Designing a user interface for a non-trivial product is a complex task.
One traditional approach to designing and building software products was the waterfall model, where requirements are first gathered and written up in specifications documents. These are then handed off to designers, who create designs and write design specifications. These are then handed off to developers, who build the product. The product is finally handed off to testers, who verify that the product matches the specifications.
This sounds fine in theory — it’s a very logical, rational decomposition — but for large, complex products, this approach never really seems to work very efficiently. For complex projects, it’s never possible for analysts and designers and programmers to get everything correct and complete on the first try, and so waterfall projects inevitably tend to break down into a chaotic scene of documents being passed back and forth between groups for correction. And since software projects span months or years, it’s very frequent that the requirements will change during the course of the project, meaning that by the time the product is finally built and released, it may no longer actually meet the needs of the users and stakeholders.
An effective way of bringing some order to this chaos is to recognize that complex analysis, design, and development work is never done completely or correctly on the first attempt; it takes many iterations of reviewing, revising, and testing to get it right.
An iterative approach to design and construction breaks the project into many short, structured cycles of work. In each pass around the cycle — each iteration — the work products get better and better and more complete. An advantage to this approach is that you get a basic functioning version of the product available for testing very early on in the project, and this early product can be used to discuss and further refine requirements with the project stakeholders.
Attempts to illustrate an iteration of the design cycle usually end up looking something like this:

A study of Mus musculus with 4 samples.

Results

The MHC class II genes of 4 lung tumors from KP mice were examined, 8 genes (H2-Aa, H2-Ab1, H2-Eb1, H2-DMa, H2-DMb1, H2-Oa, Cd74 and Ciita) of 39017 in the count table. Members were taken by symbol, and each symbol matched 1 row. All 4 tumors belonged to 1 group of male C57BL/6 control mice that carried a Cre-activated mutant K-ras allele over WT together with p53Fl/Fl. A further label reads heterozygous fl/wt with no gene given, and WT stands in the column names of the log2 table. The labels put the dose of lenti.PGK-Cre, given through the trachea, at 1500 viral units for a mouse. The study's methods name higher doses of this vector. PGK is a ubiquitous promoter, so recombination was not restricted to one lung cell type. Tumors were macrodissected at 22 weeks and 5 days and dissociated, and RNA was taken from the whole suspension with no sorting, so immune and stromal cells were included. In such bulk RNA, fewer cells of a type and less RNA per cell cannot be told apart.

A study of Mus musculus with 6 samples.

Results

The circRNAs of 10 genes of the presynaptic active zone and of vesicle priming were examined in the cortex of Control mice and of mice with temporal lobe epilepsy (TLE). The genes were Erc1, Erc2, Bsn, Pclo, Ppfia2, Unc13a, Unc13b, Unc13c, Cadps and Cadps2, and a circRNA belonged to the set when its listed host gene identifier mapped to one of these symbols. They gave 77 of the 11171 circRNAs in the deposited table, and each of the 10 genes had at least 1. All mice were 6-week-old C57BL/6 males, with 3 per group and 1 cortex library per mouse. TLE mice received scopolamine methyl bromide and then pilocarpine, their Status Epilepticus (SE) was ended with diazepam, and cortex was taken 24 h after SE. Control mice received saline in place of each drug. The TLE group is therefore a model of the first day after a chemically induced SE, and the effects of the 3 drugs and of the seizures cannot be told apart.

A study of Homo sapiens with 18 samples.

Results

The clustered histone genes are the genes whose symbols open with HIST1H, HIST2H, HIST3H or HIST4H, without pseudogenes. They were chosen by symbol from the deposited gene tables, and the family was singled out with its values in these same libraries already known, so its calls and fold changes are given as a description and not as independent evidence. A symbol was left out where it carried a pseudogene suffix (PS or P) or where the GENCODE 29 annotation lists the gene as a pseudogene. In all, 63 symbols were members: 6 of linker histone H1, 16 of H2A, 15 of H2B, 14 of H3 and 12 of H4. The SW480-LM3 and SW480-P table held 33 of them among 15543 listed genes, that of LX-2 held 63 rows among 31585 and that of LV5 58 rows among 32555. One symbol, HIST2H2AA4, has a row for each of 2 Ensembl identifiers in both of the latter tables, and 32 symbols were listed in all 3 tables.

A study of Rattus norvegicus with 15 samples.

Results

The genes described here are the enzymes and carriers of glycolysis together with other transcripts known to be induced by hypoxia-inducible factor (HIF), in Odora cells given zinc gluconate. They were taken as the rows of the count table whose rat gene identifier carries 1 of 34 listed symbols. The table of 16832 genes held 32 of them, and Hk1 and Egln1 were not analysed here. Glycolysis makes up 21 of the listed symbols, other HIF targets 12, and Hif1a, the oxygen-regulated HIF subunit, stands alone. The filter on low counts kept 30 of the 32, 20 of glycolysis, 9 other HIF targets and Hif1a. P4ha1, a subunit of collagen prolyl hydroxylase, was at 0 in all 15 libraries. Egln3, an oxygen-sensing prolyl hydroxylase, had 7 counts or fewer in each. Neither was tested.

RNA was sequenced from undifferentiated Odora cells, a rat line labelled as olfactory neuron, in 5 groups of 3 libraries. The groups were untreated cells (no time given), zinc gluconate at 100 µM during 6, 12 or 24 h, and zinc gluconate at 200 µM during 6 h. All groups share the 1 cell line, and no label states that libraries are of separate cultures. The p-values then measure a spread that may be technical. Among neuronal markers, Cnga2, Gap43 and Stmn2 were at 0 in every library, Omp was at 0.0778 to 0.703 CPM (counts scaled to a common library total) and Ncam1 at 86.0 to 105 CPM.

This diagram is unsatisfying, though: it suggests that the activities are separate and take place sequentially, and this is not always the case. There is often constant, fluid switching between the different activities, and team members will usually be working on different activities simultaneously in parallel.
In addition, the nature of different products can enable various different design approaches:
- For products with formal processes and very specific externally-imposed requirements, such as a tax calculator, requirements analysis and specification usually have to be figured out fairly thoroughly before detailed design can proceed.
- On the other end of the spectrum, products such as games have no real requirements — just about anything goes, design-wise — and so requirements analysis virtually disappears.
- Most products fit somewhere in the middle, and requirements analysis and design proceed together in a tightly meshed fashion. Sometimes requirements aren’t formally recorded at all, and instead the design is simply continually adjusted to match the new learnings about how the product should work. So in these cases, the Understand requirements and Design activities merge together.
And for products that lend themselves to rapid prototyping, often no formal design documentation is ever recorded. The prototype is the representation of the design, and so the Design and Build activities merge together.
The User-Centered Design approach recommends that you involve users in requirements gathering, and in the usability testing and evaluation of designs, prototypes, and the actual product.
In other blog posts, we’ll take a closer look at the activities in the design cycle. We’ll examine requirements analysis and validation, the process of design, prototyping, evaluating designs and prototypes, and conducting usability testing.